Did you know that there are more tigers in American backyards than there are in the wild around the world?

Estimated at perhaps 5,000 tigers, they are found in:

  • backyards
  • urban apartments
  • sideshows
  • truck stops
  • private breeding facilities

For the past four years, WWF and TRAFFIC have raised the alarm on the lack of captive tiger regulation. Thanks to the “Big Cats and Public Safety Protection Act” introduced by Congressman Howard “Buck” McKeon (R-CA) and Rep. Loretta Sanchez (D-CA) on February 29, 2012, the U.S. is now taking a step in the right direction.

“We welcome this important legislation because as the Zanesville incident showed, it’s critical for America to clear out captive big cats from our backyards,” says WWF’s Leigh Henry. “This is a matter not only of public safety, but also of preventing captive tigers from being fed into the massive illegal tiger trade driven by a booming black market for tiger products."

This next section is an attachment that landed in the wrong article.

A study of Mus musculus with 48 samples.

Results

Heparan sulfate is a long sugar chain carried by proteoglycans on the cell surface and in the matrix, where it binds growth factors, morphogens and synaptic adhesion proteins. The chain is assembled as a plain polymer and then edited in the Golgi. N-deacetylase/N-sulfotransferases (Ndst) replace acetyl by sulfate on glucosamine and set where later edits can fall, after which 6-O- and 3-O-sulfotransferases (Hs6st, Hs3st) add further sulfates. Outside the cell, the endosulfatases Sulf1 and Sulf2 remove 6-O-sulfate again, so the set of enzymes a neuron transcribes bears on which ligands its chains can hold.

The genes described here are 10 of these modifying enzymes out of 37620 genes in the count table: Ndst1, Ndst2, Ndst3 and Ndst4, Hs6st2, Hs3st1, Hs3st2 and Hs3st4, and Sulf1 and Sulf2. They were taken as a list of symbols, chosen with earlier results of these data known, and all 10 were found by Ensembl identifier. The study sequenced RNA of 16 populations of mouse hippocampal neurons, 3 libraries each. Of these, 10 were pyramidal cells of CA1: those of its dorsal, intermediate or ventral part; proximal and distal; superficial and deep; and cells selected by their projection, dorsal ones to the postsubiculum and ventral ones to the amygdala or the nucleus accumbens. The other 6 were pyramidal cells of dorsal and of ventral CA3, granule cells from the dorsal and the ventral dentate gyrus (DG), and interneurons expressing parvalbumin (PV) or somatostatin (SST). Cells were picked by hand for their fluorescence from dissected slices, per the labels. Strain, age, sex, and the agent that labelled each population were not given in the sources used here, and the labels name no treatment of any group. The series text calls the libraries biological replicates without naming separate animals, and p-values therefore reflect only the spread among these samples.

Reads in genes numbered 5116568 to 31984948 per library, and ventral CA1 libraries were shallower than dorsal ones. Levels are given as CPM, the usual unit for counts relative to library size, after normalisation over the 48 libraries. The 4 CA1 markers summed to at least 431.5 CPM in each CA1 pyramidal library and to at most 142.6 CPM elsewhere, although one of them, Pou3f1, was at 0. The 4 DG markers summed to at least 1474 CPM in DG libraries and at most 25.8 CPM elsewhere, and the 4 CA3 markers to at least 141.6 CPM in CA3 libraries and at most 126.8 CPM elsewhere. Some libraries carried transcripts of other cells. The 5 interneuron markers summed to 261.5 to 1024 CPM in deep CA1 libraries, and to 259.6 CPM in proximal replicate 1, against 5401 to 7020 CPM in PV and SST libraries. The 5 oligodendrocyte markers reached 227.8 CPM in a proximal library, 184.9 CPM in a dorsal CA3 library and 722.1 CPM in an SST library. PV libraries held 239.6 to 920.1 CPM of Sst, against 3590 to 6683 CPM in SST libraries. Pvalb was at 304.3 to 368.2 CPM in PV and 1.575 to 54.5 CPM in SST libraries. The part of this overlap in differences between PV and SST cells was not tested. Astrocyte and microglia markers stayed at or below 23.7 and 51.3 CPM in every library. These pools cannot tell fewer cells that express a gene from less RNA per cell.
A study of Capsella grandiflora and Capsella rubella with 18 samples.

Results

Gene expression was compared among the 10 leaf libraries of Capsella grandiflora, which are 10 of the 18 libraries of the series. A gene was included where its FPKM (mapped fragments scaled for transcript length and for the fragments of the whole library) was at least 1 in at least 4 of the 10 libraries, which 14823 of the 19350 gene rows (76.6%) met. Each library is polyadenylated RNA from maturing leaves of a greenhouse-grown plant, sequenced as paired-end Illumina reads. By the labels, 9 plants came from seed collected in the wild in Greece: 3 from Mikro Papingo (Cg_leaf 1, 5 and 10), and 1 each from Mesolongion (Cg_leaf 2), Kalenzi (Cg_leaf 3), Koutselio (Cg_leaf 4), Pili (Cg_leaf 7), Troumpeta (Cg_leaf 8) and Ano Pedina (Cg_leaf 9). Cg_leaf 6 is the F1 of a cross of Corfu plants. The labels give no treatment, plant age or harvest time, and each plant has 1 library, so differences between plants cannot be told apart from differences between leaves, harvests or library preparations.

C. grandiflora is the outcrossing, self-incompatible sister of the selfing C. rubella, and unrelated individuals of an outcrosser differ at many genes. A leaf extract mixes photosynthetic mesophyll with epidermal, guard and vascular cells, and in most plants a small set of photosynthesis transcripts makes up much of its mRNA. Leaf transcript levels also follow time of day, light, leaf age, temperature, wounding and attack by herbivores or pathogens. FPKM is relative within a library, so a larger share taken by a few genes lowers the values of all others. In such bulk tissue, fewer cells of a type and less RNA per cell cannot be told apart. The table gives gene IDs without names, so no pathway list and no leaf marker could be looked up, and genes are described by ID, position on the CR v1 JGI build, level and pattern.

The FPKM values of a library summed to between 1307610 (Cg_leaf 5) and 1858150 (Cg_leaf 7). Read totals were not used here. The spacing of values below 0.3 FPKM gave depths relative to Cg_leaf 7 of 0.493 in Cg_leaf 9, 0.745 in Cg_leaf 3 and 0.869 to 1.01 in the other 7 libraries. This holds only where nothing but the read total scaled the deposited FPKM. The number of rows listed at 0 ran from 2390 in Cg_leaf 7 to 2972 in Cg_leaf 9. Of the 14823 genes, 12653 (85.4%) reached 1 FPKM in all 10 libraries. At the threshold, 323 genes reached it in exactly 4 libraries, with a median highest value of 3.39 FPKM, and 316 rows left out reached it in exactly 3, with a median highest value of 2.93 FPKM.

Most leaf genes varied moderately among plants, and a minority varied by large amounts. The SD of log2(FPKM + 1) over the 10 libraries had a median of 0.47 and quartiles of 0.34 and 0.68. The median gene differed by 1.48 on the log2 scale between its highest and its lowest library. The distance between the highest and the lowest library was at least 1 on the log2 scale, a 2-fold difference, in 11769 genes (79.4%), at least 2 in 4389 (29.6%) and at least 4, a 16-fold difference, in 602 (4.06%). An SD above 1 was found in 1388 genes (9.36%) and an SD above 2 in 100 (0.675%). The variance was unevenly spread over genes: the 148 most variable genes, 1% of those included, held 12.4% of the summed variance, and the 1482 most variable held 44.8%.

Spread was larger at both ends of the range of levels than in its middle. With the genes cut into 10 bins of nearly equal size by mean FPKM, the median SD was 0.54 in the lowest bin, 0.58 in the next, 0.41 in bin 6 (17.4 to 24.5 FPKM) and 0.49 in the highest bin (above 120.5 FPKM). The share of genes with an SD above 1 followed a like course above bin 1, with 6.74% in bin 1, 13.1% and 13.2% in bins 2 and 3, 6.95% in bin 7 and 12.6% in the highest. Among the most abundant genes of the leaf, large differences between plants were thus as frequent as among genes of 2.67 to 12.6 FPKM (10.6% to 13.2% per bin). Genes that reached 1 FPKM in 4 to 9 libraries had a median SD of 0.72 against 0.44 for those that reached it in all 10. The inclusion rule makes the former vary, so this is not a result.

If the bill passes, it will:

  • Prohibit private possession of big cats like tigers and lions except at highly-qualified facilities, like accredited zoos and sanctuaries, where they can be properly cared for and restrained.
  • Require any persons who currently possess big cats to register those animals with the USDA in order to keep the cats they currently own.
  • Outlaw the breeding of any big cat except at accredited zoos and research and educational institutions.

Violators could face stiff penalties including confiscation of animals, fines as much as $20,000 and up to five years in jail.

Senator John Kerry (D-MA) is working on introducing a companion bill in the Senate.

Learn more
Watch a video to learn how captive tigers impact wild tigers
Is your toilet paper linked to tiger habitat destruction?